COVID response: Social protection
Economy of Moldova was caught unprepared to COVID-19 pandemic. The measures introduced to contain the spread of pandemic have had massive socio-economic impact and further deepened the pre-existing inequalities.
A significant part of employees in Moldova work in at-risk sectors. This includes areas like arts, recreation, accommodation and food services, real estate, manufacturing, wholesale and retail trade, and vehicle repair.
Informality in Moldova also remains of great concern, leaving the active labour force at risk with limited protection or access to government-supported measures in the immediate downturn.
The COVID-19 crisis is also affecting the working migrants in Moldova. The imposition of quarantine measures and closure of businesses led thousands living in Russia and Europe to lose jobs. In addition, with countries tightening control at their borders and introducing freedom of movement restrictions, working migrants cannot return to their home countries. This has already led to a drop in remittances, a key factor in economic support to many people.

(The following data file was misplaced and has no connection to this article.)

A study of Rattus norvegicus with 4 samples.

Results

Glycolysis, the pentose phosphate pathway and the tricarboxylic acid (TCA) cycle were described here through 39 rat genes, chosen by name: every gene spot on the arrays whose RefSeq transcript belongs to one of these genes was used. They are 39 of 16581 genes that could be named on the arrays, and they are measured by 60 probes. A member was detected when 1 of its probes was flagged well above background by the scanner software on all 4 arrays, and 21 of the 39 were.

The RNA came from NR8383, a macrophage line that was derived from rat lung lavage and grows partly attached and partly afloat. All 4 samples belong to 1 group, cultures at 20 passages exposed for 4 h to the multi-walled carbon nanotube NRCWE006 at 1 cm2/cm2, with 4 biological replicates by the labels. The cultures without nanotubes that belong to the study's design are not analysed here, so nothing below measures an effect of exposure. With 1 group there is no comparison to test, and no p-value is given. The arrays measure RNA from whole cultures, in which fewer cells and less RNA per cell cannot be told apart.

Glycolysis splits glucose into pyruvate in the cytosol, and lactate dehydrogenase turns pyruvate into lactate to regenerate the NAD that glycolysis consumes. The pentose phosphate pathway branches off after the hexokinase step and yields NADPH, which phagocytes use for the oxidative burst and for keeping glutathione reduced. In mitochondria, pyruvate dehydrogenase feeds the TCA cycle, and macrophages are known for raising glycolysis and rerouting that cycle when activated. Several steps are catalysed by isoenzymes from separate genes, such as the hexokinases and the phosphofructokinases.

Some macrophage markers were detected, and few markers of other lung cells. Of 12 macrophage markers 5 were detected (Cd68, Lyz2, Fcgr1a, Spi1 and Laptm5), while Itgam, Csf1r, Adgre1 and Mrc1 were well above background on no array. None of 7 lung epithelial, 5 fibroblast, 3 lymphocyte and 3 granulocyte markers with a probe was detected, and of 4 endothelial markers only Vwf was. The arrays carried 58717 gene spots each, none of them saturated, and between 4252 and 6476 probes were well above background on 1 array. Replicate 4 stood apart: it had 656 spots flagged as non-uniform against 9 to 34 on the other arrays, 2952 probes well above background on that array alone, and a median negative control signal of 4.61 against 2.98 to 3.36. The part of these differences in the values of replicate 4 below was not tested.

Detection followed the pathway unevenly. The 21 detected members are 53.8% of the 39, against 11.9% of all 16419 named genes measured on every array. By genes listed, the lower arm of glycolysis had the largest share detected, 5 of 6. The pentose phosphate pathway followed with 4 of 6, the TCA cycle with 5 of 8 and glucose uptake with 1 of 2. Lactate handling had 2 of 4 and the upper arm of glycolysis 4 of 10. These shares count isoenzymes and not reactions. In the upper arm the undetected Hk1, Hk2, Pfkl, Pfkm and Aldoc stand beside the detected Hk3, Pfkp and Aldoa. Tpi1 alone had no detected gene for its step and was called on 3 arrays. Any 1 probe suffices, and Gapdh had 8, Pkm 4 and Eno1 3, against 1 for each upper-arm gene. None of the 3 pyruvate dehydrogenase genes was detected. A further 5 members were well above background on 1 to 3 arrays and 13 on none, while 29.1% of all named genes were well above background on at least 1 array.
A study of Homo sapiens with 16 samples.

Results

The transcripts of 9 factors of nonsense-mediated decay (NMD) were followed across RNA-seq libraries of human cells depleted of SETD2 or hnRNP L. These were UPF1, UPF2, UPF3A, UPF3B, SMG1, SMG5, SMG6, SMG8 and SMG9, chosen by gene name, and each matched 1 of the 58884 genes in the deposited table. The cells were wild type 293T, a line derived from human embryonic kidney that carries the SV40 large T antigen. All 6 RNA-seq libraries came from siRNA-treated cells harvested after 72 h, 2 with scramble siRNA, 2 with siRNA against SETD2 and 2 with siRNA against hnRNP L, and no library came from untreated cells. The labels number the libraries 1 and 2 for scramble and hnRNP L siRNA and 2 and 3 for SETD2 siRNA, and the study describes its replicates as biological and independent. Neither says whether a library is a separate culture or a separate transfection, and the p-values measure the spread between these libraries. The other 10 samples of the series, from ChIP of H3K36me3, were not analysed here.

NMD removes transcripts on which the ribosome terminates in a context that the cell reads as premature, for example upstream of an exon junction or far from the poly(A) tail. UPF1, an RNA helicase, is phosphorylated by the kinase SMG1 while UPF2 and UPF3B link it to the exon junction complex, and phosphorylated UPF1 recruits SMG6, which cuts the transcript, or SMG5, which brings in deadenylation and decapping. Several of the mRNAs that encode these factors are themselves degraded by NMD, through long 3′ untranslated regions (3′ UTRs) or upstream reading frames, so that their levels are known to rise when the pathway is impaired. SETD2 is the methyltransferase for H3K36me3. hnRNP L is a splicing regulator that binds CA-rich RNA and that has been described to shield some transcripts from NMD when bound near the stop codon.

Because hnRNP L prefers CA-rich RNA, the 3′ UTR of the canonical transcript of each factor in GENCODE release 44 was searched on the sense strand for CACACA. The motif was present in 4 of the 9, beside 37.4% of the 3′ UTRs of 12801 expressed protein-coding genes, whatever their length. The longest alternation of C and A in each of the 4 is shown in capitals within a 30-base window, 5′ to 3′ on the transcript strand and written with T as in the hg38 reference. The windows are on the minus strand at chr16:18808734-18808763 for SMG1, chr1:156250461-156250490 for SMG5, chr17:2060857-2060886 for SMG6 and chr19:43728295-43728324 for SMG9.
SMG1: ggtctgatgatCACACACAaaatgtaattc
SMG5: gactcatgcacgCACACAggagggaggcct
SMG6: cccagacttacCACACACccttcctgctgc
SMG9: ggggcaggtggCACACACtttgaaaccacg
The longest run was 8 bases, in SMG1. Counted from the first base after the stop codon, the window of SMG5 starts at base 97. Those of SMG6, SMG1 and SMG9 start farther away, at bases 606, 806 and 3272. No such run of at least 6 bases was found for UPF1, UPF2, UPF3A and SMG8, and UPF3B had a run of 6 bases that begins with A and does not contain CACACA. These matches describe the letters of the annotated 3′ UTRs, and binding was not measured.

As an immediate response, UNDP has been supporting Moldova in providing the necessary information and personal protection supplies for the most vulnerable, including the elderly, minorities, and people with disabilities.
Now, we are exploring the magnitude of the socio-economic impact of COVID-19 on households, businesses and communities. These socio-economic assessments also help to identify the new vulnerable, informal workers, returnees from abroad and workers without standard employment contracts who fall outside of the social protection system, as well as institutional and systemic gaps to help chart the way forward to an inclusive and better recovery.
The prolonged period of underinvestment, informality, and changing demographics exacerbate strains on social protection, health and other care systems.
The global nature of the pandemic has impacted production networks, supply and value chains and substantially restricted activity in sectors such as agriculture, transport, tourism and hospitality, wholesale and retail trade and industry. Small- and medium-enterprises are faced with challenges of adapting to new business models requiring new skills and focusing on remote work arrangements, digital methods and on-line processes.
Skills mismatches have been one of the main challenges for private sector-led growth across Moldova, so adopting new techniques and skills development will figure strongly in our recovery policies.
To mitigate the negative impact on the economy in the immediate term, UNDP has been working on new solutions to skills development to ensure business continuity during the lockdown and to support the transition to risk-resilient, sustainable production and consumption practices.